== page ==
Sunday, September 13, 2015

A Youth Meeting With No Youth

Last week, I attended a youth meeting at which there were no youth. It was a church association meeting and the attendance was fairly good. There were elders who filled every position that the youth would’ve filled, so the meeting went so well that you wouldn’t even notice that there weren’t any youth present. I think it is worth noting that we met in a building that was once a two room school house, until the little farm schools were consolidated and the Missionary Baptists took possession of the building.

The more I think about that, the more it disturbs me. When I was a teenager, I was the president of that same youth organization, so I speak of it fondly. Since I was the only youth at our church that was the only “youth group” I had. That’s probably why local associations started having youth meetings in the first place. The association of churches could provide something for youth that a tiny church could not. Isn’t that why we have SOAR in the BMAA? No one BMAA church would put on something like that for their youth, but combined we can. For me, serving as president of the Youth in the Harvest and “giving parts” gave me experience that I cherish now. I would like to see all churches get their youth involved in something like that. But what I experienced last week highlights a problem that exists among churches.

A youth meeting is intended to minister to youth, is it not? The purpose of having officers isn’t to conduct business, but rather to give youth an opportunity to learn in an environment in which they can’t do too much damage. So, why were there officers there on a night when there were no youth present? It’s like a city bus that keeps running the route, even when there are no riders.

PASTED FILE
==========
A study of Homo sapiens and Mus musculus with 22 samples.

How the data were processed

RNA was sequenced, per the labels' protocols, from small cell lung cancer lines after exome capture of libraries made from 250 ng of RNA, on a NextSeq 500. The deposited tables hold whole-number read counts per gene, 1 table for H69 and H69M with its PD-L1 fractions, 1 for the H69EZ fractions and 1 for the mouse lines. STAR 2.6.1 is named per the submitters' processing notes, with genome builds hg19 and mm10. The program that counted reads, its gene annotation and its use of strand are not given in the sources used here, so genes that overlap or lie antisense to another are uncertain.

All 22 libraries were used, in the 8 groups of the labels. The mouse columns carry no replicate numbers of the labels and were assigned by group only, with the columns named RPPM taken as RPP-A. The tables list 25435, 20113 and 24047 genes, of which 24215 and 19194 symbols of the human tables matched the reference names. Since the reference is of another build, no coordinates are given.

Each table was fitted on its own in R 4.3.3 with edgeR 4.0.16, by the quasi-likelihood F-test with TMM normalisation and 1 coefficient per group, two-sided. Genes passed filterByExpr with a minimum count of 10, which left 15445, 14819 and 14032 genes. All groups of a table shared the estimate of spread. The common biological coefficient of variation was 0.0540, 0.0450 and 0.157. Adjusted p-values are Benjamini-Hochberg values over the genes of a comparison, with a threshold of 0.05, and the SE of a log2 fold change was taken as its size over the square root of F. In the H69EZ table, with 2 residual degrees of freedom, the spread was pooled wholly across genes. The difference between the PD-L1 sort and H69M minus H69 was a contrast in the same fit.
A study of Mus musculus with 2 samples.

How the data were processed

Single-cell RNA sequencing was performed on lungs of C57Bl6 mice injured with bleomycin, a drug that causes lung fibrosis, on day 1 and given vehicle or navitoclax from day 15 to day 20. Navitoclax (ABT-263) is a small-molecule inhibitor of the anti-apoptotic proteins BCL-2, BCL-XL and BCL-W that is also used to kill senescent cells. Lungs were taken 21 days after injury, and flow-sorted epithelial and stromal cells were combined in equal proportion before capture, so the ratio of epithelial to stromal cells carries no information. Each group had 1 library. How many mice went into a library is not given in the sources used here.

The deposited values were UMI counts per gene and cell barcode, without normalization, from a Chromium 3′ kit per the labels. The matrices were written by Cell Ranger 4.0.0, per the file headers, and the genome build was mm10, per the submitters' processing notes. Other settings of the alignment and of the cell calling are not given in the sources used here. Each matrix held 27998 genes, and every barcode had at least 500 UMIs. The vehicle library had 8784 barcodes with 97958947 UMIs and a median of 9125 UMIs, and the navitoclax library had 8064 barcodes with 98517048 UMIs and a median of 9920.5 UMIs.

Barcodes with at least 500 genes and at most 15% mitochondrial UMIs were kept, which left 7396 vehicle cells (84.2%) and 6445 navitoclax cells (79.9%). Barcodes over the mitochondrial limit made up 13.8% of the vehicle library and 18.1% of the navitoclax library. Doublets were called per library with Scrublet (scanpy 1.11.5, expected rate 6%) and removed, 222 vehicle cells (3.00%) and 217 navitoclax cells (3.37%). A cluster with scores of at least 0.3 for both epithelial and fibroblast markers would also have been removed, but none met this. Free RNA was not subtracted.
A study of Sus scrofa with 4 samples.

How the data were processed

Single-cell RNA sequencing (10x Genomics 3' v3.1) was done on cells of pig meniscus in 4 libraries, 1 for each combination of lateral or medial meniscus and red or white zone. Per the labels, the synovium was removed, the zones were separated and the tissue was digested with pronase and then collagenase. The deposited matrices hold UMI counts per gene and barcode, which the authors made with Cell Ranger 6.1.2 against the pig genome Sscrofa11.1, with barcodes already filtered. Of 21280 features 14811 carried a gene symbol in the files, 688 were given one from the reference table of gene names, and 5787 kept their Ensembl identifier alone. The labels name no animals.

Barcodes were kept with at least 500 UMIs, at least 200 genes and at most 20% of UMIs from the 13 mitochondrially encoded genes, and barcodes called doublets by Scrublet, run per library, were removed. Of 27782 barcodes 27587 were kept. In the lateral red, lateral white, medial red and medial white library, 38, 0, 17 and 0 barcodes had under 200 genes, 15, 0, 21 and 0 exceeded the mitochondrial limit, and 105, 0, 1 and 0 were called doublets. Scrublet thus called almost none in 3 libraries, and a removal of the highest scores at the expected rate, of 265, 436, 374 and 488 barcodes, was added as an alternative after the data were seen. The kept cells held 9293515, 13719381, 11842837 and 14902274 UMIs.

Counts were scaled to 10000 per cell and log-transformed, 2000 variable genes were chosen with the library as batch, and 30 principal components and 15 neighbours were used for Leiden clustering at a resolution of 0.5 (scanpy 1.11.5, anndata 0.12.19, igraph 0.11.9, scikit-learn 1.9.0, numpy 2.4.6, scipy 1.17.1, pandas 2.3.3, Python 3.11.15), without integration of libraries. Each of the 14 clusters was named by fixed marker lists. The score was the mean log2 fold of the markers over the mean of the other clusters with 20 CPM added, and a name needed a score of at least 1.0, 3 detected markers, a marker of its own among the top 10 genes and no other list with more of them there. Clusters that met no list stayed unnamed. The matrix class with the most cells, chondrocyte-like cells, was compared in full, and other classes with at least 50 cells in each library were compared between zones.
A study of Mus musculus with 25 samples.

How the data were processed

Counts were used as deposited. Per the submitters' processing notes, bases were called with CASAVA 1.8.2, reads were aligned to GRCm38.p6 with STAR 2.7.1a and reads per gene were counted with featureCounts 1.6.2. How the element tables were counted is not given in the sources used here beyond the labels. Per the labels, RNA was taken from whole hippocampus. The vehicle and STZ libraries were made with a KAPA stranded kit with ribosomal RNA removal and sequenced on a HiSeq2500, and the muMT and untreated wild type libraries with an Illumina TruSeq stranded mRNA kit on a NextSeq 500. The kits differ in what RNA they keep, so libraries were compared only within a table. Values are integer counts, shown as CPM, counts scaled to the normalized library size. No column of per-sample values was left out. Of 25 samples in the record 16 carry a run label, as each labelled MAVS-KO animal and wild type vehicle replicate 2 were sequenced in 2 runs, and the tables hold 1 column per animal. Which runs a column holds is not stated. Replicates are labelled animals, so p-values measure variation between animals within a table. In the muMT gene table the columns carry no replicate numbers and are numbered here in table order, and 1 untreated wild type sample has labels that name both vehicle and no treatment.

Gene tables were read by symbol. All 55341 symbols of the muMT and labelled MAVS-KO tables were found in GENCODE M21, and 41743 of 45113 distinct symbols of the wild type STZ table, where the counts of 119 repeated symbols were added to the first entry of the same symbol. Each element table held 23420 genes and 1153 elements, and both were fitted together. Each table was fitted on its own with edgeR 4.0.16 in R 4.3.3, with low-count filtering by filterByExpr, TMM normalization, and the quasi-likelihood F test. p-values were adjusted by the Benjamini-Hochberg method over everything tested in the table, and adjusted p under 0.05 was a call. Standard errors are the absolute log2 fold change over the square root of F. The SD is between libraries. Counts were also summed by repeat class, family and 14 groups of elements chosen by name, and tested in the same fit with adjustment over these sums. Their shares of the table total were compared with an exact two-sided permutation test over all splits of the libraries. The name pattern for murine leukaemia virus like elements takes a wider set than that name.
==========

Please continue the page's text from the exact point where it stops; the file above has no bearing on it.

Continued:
So often, Christians keep doing stuff because that’s the way it’s been done. If you do something enough, you can keep doing it after forgetting the original purpose. No youth will serve as president, so an adult fills the slot, then it happens with the treasurer, and then the secretary. Soon, adults are doing it all, and no one even notices that the youth didn’t show up. That isn’t far removed from what happens with meeting places. At one time, it made sense for a church building to be located near a few farms, because people had to walk to church. Now, it is a small thing for people to drive several miles to attend church.

When you think about it, the fact that churches and schools were once in the same building ought to tell us something when we consider how far children travel to school now. Those little farm schools were consolidated into schools that are in town, but there are many churches that are still trying to make a go of getting people to come to a building off on a side road somewhere. In some cases, the members are attached to the building or they are attached to the church. They’ll keep trying to make it work till the bitter end, even though they are in the same mission field as several other churches that teach similar doctrine. If we could start fresh, we would probably plant one church with one pastor near a school, rather than five churches with five pastors on rural roads.

I’m not in favor of just calling an end to something, but I do think we would be wise to consider the purpose behind some of the things we’ve been doing for a long time. It should shock us when we show up at a youth meeting and there are no youth there. The purpose is to teach youth, and there’s no reason why it can’t do that. But rather than adults filling in for the youth when they aren’t there, the absence of youth should tell the adults that they need to go find some youth. Perhaps we need five churches within a few miles of each other, but the decision should be based on the people those churches have an opportunity to reach, not on the desire to keep a building or to retain a church name.

The same goes for ministries within a church. Are we doing something just because that’s what we’ve always done or because that’s how someone taught us to do it? Or are we doing something because we can see how it is accomplishing a purpose in the lives of people. If what we do has no impact on people, something needs to change.